PubChem 5460020
Molecular formula C42H51N6NiO13-
Molar mass 906.58014
Except where noted otherwise, data are given for
materials in their standard state
(at 25 °C, 100 kPa)

Infobox disclaimer and references

F430 is the prosthetic group of the enzyme methyl coenzyme M reductase. It is found only in methanogenic archaea.[1] This enzyme catalyzes the release of methane in the final step of methanogenesis:

CH3-S-CoM + HS-CoB → CH4 + CoB-S-S-CoM


Corphin in context

Nature uses many tetrapyrroles - hemes, chlorophyll, and vitamin B12. F430 is the most reduced tetrapyrrole in nature with only five double bonds. This particular tetrapyrrole derivative is called a corphin. Because of its relative lack of conjugated unsaturation, it is yellow, not the intense purple-red associated with more unsaturated tetrapyrroles. It is also the only tetrapyrrole derivative found in nature to contain nickel. Ni(II) is too small for the N4 binding site of the corphin, which causes the macrocycle to adopt a ruffled structure.

Proposed mechanism of methanogenesis

The active form of F430 contains Ni(I), analogously to the reduced B12 cofactors that feature Co(I). Whereas Co(I) is d8 and diamagnetic, Ni(I) is d9 and paramagnetic. The mechanism by which Nature cleaves the CH3-S bond in methyl coenzyme M is presently (2006) unclear although it is known that both coenzyme M and coenzyme B fits into a channel terminated by the axial site on nickel. A plausible mechanism entails electron transfer from Ni(I) (to give Ni(II)), and this electron transfer initiates formation of CH4. Coupling of the coenzyme M thiyl radical with HS coenzyme B releases a proton and re-reduces Ni(II) by one-electron, regenerating Ni(I).[2]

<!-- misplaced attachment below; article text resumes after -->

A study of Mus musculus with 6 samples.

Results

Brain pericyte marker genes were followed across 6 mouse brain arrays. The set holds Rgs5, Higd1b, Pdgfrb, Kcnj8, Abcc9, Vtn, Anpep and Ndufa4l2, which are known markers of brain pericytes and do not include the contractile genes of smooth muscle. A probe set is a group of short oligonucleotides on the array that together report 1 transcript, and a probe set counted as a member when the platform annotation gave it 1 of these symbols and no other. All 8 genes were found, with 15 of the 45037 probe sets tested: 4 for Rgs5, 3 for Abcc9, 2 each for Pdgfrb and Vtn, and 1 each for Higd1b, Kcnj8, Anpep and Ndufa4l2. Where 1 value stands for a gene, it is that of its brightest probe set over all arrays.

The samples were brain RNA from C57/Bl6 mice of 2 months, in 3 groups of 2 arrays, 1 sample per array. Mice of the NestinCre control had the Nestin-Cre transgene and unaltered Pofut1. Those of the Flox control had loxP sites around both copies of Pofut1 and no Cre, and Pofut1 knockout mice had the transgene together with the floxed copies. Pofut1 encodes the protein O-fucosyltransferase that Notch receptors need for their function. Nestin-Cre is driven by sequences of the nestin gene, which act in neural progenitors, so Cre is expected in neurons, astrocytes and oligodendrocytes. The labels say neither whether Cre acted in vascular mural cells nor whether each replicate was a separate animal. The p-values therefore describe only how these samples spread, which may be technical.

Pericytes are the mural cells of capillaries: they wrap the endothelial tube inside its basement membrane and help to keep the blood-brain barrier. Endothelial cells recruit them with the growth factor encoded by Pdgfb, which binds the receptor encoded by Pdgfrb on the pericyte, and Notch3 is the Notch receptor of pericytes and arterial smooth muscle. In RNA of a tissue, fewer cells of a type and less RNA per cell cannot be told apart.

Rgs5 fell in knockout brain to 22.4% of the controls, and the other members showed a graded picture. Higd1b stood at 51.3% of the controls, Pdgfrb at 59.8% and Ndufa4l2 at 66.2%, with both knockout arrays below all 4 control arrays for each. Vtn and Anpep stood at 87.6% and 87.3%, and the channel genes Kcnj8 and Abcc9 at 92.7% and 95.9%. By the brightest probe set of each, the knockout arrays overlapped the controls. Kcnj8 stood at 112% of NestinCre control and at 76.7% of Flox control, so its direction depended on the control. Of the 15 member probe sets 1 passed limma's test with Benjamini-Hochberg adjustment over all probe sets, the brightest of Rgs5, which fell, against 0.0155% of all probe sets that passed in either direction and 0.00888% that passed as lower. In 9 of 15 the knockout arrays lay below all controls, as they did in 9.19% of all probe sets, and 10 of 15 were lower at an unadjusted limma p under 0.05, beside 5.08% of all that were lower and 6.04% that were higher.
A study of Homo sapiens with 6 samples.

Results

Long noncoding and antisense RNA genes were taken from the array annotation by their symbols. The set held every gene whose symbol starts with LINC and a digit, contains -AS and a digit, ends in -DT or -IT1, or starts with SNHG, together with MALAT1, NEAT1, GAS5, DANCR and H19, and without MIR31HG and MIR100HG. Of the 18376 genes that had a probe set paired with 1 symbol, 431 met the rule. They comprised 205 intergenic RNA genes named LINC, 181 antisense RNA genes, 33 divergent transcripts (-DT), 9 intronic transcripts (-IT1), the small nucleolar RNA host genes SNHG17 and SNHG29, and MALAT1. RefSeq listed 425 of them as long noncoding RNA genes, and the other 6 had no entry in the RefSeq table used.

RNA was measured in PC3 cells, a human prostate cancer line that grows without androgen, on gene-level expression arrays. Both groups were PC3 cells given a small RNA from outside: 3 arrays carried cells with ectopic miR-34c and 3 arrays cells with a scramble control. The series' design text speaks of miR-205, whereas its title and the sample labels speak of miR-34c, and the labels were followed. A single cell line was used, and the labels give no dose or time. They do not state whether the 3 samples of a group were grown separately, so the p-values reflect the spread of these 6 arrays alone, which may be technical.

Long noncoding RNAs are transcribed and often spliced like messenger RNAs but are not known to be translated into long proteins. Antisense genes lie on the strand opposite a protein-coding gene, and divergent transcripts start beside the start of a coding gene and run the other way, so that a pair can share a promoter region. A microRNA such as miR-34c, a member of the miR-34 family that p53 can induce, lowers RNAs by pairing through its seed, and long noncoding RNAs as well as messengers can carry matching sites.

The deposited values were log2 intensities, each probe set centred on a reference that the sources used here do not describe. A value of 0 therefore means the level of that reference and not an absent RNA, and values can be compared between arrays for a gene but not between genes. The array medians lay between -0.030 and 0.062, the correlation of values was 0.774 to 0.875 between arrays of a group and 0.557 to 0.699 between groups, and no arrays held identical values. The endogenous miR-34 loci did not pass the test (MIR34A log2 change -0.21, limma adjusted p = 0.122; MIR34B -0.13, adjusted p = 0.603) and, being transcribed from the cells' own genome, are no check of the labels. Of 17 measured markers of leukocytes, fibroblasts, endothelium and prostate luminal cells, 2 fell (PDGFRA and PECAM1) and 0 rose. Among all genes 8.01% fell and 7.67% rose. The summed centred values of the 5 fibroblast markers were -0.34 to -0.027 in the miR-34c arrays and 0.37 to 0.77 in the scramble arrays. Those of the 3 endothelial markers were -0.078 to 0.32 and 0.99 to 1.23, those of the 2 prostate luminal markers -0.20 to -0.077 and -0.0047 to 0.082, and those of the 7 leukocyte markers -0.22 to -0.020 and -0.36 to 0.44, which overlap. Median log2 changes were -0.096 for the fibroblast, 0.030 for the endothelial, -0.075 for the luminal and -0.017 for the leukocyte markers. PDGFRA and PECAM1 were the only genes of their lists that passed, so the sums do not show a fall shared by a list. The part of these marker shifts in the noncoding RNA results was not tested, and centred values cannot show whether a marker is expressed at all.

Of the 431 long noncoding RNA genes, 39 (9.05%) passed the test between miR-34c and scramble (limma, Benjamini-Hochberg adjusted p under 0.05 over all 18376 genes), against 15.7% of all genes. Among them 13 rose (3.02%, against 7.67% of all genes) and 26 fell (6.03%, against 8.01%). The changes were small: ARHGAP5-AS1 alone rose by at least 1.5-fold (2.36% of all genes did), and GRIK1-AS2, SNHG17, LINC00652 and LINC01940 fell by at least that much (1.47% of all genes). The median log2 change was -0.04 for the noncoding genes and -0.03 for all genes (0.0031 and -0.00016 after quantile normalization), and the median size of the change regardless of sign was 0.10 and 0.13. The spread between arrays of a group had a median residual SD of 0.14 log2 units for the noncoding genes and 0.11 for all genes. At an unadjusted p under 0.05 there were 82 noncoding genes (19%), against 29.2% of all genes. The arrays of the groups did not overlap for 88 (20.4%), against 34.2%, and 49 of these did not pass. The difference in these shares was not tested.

Its structure was deduced by X-ray crystallography and NMR spectroscopy.[3]

Anaerobic methane oxidation

F430 occurs in very high concentrations in bacteria that are thought to be involved in reverse methanogenesis, where methane is converted to methyl coenzyme M. Organisms that promote this remarkable reaction contain 7% by weight nickel protein.[4]


  1. ^ Thauer, R. K., "Biochemistry of Methanogenesis: a Tribute to Marjory Stephenson", Microbiology, 1998, 144, 2377-2406
  2. ^ Finazzo, C.; Harmer, J.; Bauer, C.; Jaun, B.; Duin, E. C.; Mahlert, F.; Goenrich, M.; Thauer, R. K.; Van Doorslaer, S. and Schweiger, A., "Coenzyme B Induced Coordination of Coenzyme M via Its Thiol Group to Ni(I) of F430 in Active Methyl-Coenzyme M Reductase", Journal of the American Chemical Society, 2003, volume 125, 4988-4989.
  3. ^ Farber, G.; Keller, W.; Kratky, C.; Jaun, B.; Pfaltz, A.; Spinner, C.; Kobelt, A.; Eschenmoser, A. “Coenzyme F430 from Methanogenic Bacteria : Complete Assignment of Configuration Based on an X-ray Analysis of 12,13-diepi-F430 Pentamethyl Ester and on NMR Spectroscopy.” Helvetica Chimica Acta 1991, volume 74, pages 697-716.
  4. ^ Krüger, M.; Meyerdierks, A.; Glöckner, F. O.; Amann, R.; Widdel, F.; Kube, M.; Reinhardt, R.; Kahnt, J.; Böcher, R.; Thauer, R. K.; Shima, S., "A Conspicuous Nickel Protein in Microbial Mats that Oxidize Methane Anaerobically", Nature, 2003, volume 426, 878-881
This article is licensed under the GNU Free Documentation License. It uses material from the Wikipedia article "F430". A list of authors is available in Wikipedia.